By Michael Connolly

By all accounts, electronic reading devices – or e-readers – are going to be one of the hottest items of the holiday shopping season that kicked off last week with Black Friday. Manufacturers are rushing to get new devices into stores and the giant electronic retailers are setting aside dedicated areas just for e-readers and the inevitable accessories.

Meanwhile, Barnes & Noble says the Nook is out of stock, and customers ordering today won't take delivery until the New Year. Similarly, Sony says that it can't guarantee delivery of its high-end Reader in time for Christmas.

Prices for e-readers are also dropping. The global wireless Kindle now sells for $259, the same price as the Nook. Sony sells its entry-level Pocket Edition reader for $199.99. Other companies like iRex, Plastic Logic, and China Mobile are joining an increasingly crowded marketplace.

There's only one problem with this rosy picture: all these devices may soon become obsolete.

The reasons are many. First, there is the problem of proprietary software and transferring between devices. Amazon, which started the e-reader revolution with the Kindle, has jealously stuck to a format which won't allow Kindle owners to read copyright protected files from other bookstores or libraries. At the same time, if a Kindle owner decides to move to another device, they can say goodbye to their entire collection of e-books. They're not transferable.

Sony and Barnes & Noble have embraced a more open approach, adopting formats that allow for fairly easy transfer between other mobile devices, as well as PCs and Macs. But therein lies the second problem. If you can read a book on a PC, why do you need an e-reader? Particularly when you can buy a top-brand netbook that allows web surfing, e-mail and multimedia handling for less than $300!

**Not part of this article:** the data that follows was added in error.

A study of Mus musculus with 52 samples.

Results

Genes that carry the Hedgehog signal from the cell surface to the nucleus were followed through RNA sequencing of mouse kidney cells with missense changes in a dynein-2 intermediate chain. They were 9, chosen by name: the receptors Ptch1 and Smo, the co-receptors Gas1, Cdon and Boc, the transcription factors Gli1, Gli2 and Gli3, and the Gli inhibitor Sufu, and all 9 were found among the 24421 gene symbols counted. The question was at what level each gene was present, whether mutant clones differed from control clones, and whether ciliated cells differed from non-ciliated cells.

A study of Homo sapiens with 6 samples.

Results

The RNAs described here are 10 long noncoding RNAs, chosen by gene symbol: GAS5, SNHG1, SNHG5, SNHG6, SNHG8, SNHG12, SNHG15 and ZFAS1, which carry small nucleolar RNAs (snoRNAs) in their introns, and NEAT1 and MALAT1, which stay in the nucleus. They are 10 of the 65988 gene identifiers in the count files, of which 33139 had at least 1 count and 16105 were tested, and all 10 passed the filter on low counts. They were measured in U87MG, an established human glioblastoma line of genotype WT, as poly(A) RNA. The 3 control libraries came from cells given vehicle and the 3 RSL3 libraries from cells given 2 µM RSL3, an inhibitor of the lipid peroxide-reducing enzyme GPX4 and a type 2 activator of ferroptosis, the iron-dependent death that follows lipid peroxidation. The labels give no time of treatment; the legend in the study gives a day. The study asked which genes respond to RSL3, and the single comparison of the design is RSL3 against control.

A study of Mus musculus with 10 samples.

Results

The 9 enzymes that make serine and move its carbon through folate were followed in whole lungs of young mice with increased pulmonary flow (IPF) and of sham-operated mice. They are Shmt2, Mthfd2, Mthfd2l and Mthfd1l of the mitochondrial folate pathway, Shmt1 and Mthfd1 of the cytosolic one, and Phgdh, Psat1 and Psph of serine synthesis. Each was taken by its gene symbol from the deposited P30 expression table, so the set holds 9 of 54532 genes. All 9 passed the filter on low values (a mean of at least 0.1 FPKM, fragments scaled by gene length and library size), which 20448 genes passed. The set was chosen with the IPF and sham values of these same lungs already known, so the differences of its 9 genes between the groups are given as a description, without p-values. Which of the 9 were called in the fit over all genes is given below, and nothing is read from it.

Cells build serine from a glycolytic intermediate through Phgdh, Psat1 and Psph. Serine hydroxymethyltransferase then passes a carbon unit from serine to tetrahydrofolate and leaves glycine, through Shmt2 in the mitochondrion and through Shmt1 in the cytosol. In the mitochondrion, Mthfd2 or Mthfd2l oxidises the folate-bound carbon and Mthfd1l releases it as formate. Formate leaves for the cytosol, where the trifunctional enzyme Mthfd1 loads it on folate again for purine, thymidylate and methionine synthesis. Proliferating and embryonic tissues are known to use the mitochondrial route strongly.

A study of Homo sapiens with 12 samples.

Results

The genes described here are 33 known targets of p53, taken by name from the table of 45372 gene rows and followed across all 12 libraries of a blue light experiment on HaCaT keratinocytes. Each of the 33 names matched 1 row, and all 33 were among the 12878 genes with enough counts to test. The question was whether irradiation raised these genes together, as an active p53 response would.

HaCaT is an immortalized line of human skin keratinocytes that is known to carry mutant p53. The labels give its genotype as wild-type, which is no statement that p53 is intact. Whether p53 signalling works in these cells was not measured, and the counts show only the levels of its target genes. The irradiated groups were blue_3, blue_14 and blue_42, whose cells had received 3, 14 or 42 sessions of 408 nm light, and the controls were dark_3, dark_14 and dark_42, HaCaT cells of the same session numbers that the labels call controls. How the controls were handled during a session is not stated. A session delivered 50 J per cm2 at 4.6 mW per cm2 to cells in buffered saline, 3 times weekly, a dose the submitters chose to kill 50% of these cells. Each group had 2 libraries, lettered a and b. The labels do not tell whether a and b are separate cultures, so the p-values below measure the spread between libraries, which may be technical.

There are two other factors that have e-reader manufacturers nervously looking over their shoulders and some tech-savvy customers sitting on the sidelines: Google and Apple.

Google is close to finalizing its much-delayed settlement with authors and publishers that will allow it to continue electronically scanning and archiving millions of books. Once that deal is inked, expect Google to quickly announce a delivery mechanism that will make books, newspapers, magazines and every other kind of manuscript wirelessly available at the click of a mouse.

Meanwhile, Apple continues development on the worst kept secret in technology – a tablet device that can be used for reading, watching movies, surfing the web, and every other interactive task that be handled on-the-go.

While it would be too much to expect either Apple or Google to end up dominating electronic books the way Apple dominates music with iTunes and its iPod range, it's clear that stand-alone e-readers are going to have a very limited shelf-life. If you're in no hurry to trade in that dog-eared paperback for the digital version, you may want to sit back and wait a year!         

Comment by RachelintheOC, posted 12/6/2009, 11:25 PM:

It's probably worth mentioning that both the itouch & iphone have an app that allows for portable reading. Yes, the screen is smaller than the e-readers, but you can enlarge the print.

I have an HP netbook & find it too cumbersome (& hot!) to read on for any length of time, so I would like to get an e-reader. However, I'm perfectly happy to hang on to my old-fashioned books. My ten-yr-old daughter (w/ ten-yr-old eyes) is thrilled to use her itouch.